4th November 2022
Hello! Welcome back to our regular feature where we write a little bit about some of the games we've found ourselves playing over the last few days. This time: bullet-vampire hell, classic horror, and a brand new SRPG.
If you fancy catching up on some of the older editions of What We've Been Playing, here's our archive.
Vampire Survivors, PC
It never fails to amaze me how Vampire Survivors can give so liberally with one hand and then, with other hand, take so rapidly and brutally away. Case in point: my last attempt. I was flying. I had the garlic and the wand and the bird and everything was clicking. I was well ahead of whatever the game was throwing at me, and I had that feeling you sometimes get in the game: that I was in control. I was the hunter not the one being hunted. I was actively seeking mini-bosses and charging into swarms of enemies, and character-levels were flying by. And in that moment I was thinking, 'Oh, what a different experience this game can sometimes be, what a reckless joy, what a romp.' Because sometimes it doesn't all come together - a lot of the times it doesn't come together. But in my merriment, I'm going, 'Oh but I suppose you need the rough to appreciate the smooth.' I was full of it. I was primed for my fall.
It was like the game heard me. Suddenly, a kind of enemy I couldn't defeat quickly enough flooded my screen, and I couldn't get out from the pack surrounding and suffocating me. So I dove through a part of them to escape, still confident enough to think I could do that, and half my health disappeared. Then, I panicked. I was scrabbling, on the run, desperately looking for breakable objects I could get a roast chicken health-drop from. But all the time, my health was being nibbled away at and the inevitability of death was rapidly catching up with me. Then another large wave boxed me in a corner and, overcome, I died. This all happened in the space of about 30 seconds. I was humbled in the blink of an eye, and left staring blanky at the screen.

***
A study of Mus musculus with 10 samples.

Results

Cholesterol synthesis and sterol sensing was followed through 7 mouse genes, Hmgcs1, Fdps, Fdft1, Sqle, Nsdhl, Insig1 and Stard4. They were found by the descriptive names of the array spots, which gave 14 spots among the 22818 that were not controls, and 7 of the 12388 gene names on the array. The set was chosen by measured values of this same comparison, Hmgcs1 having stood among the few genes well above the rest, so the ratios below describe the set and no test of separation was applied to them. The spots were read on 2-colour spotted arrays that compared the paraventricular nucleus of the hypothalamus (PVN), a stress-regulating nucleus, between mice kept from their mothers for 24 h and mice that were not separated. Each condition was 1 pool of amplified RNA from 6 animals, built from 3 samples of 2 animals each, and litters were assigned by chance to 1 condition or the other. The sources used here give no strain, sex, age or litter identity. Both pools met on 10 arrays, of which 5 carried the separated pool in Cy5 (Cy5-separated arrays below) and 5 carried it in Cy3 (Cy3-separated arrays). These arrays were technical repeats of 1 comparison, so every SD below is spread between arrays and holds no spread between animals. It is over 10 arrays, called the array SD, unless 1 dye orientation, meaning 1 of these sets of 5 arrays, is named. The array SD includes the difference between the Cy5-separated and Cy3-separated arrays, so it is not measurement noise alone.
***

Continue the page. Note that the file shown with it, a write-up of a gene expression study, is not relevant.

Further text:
Sometimes I really hate you Vampire Survivors.
Silent Hill 2, Xbox 360
I've been on a bit of a Silent Hill binge following the recent showcase reveal and Vikki's expert response. I even watched the so-bad-it's-quite-good Sean Bean film, which at the very least succeeded in inspiring me to finally, all these years later, play a Silent Hill game.
So I did, even though Silent Hill 2 is surprisingly difficult to get hold of these days. I found a very pricey special edition PS2 version in a nearby game store, but instead opted to play the HD remaster released on Xbox 360 (and PS3) that's available via Xbox back compatibility.
It's a bit of a frustrating play these days. The design is archaic with its lack of direction, the puzzles are abstruse, and the interiors are so dark it's almost impossible to see anything. I'm sure purists will love this and I can appreciate it's a game of its time. But a few modern tweaks wouldn't go amiss, so I'm definitely looking forward to Bloober's remake to see how far it goes in switching things up.
Even in this old form, though, I love Silent Hill 2 for being a horror game that doesn't rely on jumps and cheap scares. It thrives on its eerie, oppressive atmosphere: the washed out visuals devoid of life, the creepy sound design, the iconic enemy designs of Pyramid Head and those nurses. It's no wonder it remains such a cult classic all these years later.
And one more thing: I love that you can separately set the difficulty of combat and puzzles, so I can test my brain more than my reactions. More games should do this!
Live by the Sword: Tactics
As a fan of classic SRPGs I should be tucking into the Tactics Ogre remake right about now, but - and I'll whisper this quietly so I'm not found out - I've never really got on with the game that made Yasumi Matsuno's name. It's an overwhelmingly complex, vast thing, and with so much to manage over the course of any one battle I've always been scared away after a couple of hours.
I'm not going to suggest that Live by the Sword: Tactics, which just recently came to consoles, is better than Tactics Ogre, but it's certainly more in tune with some of my tastes. A stripped-back take on the genre built predominantly around 5v5 battles rather than the vast armies at your disposal in Tactics Ogre, it's an enjoyably direct take on the kind of tactical RPG action Matsuno was once known for (and that he'd perfect, I'd suggest, in the incredible Final Fantasy Tactics).
After a couple of hours, though, I'm starting to find this particular spin on the genre perhaps a little too shallow - but it's been a fun couple of hours nevertheless, and if you've any love for a genre that's sadly often overlooked there's plenty worthwhile to be found here.